With this project I found that the best way to control hair is to shorten it drastically and get rid of all the randomizing parameters at the beginning. Here are the steps of how to do this:
- Go to Frizz Parameters and reduce the Frizz Root and Frizz Tip values to zero
- Choose Style Hair and increase the brush size so that it covers the whole model
- Remove the Distance Fade option; pick the Scale option and drag-and-click to the left over your model, until the hair guides are really short
- In the Utilities box, click on the Recomb button so that the hair falls along the surface
- After, you can choose the Stand option inside the Styling box, and drag-and-click to the right slightly over your model to raise the hair guides a little
- This should give you a good starting point. After that, grow and comb the guides in small areas at a time, hiding the rest of the guides
It is a work of patience ... lots of it!
Another thing I learned during this project was the obvious fact that fur adds volume to the character (Duh!). All of a sudden, the nice sculpting details were covered by a thick layer of hair. I had to invest a lot of time combing the guides to make the fur flow along the skin's surface and keep a sharp silhouette. Fig.11 shows the evolution of the combing, as well as the lighting.
It also came as a problem that the hair didn't look the same when rendered at different resolutions; it was very difficult to spot mistakes and make decisions on the correct density at low resolution renders. In order to be able to test the hair correctly, I created a test scene with a single light, without any shadows or GI, and just a simple diffuse material for the skin mesh. Most of my hair render tests were made in this scene at about 3,000 pixels, and with render times of around 2 minutes.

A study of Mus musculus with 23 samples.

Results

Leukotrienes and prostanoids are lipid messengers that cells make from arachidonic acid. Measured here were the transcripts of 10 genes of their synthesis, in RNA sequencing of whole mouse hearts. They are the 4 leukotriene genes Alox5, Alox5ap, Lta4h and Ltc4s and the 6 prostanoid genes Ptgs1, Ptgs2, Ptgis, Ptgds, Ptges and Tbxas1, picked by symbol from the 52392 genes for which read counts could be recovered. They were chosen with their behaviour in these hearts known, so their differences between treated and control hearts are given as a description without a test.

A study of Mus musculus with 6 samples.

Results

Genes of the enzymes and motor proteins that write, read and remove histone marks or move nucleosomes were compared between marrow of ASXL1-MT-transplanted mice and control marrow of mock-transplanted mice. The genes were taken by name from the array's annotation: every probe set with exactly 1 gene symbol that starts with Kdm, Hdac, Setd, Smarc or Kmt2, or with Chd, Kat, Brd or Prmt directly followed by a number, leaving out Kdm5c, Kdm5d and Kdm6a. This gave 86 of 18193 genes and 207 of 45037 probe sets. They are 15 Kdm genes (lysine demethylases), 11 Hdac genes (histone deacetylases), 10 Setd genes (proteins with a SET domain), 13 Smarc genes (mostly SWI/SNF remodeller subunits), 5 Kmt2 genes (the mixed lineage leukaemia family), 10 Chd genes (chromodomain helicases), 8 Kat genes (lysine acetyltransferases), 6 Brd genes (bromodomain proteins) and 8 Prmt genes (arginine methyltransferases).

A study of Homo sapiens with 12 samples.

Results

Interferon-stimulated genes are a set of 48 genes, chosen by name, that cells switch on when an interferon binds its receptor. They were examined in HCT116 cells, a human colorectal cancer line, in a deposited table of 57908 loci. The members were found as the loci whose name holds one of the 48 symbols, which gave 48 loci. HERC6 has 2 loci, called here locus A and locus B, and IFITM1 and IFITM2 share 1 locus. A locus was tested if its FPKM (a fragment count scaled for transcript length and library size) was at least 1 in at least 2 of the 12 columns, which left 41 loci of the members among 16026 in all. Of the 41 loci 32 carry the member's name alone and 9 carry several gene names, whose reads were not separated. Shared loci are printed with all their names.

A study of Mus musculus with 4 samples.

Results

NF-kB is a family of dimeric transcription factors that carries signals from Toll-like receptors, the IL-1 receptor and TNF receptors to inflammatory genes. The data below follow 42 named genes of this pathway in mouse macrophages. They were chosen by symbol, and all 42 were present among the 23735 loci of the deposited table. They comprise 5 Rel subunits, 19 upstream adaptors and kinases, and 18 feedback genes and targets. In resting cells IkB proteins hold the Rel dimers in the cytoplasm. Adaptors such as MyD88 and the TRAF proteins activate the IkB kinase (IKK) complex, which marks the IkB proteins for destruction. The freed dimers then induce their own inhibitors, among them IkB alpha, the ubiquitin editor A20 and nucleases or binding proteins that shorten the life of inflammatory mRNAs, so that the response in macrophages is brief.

After having reached the conclusion that I needed a hair count of about 2,700,000 hairs (!), another problem came up: I just couldn't render anything larger than the 1,500 by 3,000 pixels in resolution. I used the "hair buffer" method for hair rendering ("mrprim" and "geometry" couldn't handle this amount of hair), and at the time of rendering only two-thirds of the hair showed up. Later, I discovered that there is a 70MB buffer to write the hair to, and at higher resolutions this buffer value is not sufficient. In order to fix this, go to Effects > Hair and Fur; inside the Buffer Rendering Options increase the Tile Memory Usage, and that should solve the problem. The bigger the resolution, the bigger the buffer! It sounds simple when you know what to do...
In Fig.12 you can see the three different base meshes I used to grow hair on the body, snout and tail, as well as the hair count for each. The hair guides are represented in yellow.
In Fig.13 I have compiled all the numbers used to generate the final hair. For the Tip Color and Root Color I used textures with a brownish tone - brighter for the tip and slightly darker for the root. Don't forget that the color swatches for the Tip and Root multiply by the texture color, so change the swatches to white or else it will affect the texture color.
Fig.14 shows the hair resulting from the guides and settings previously described.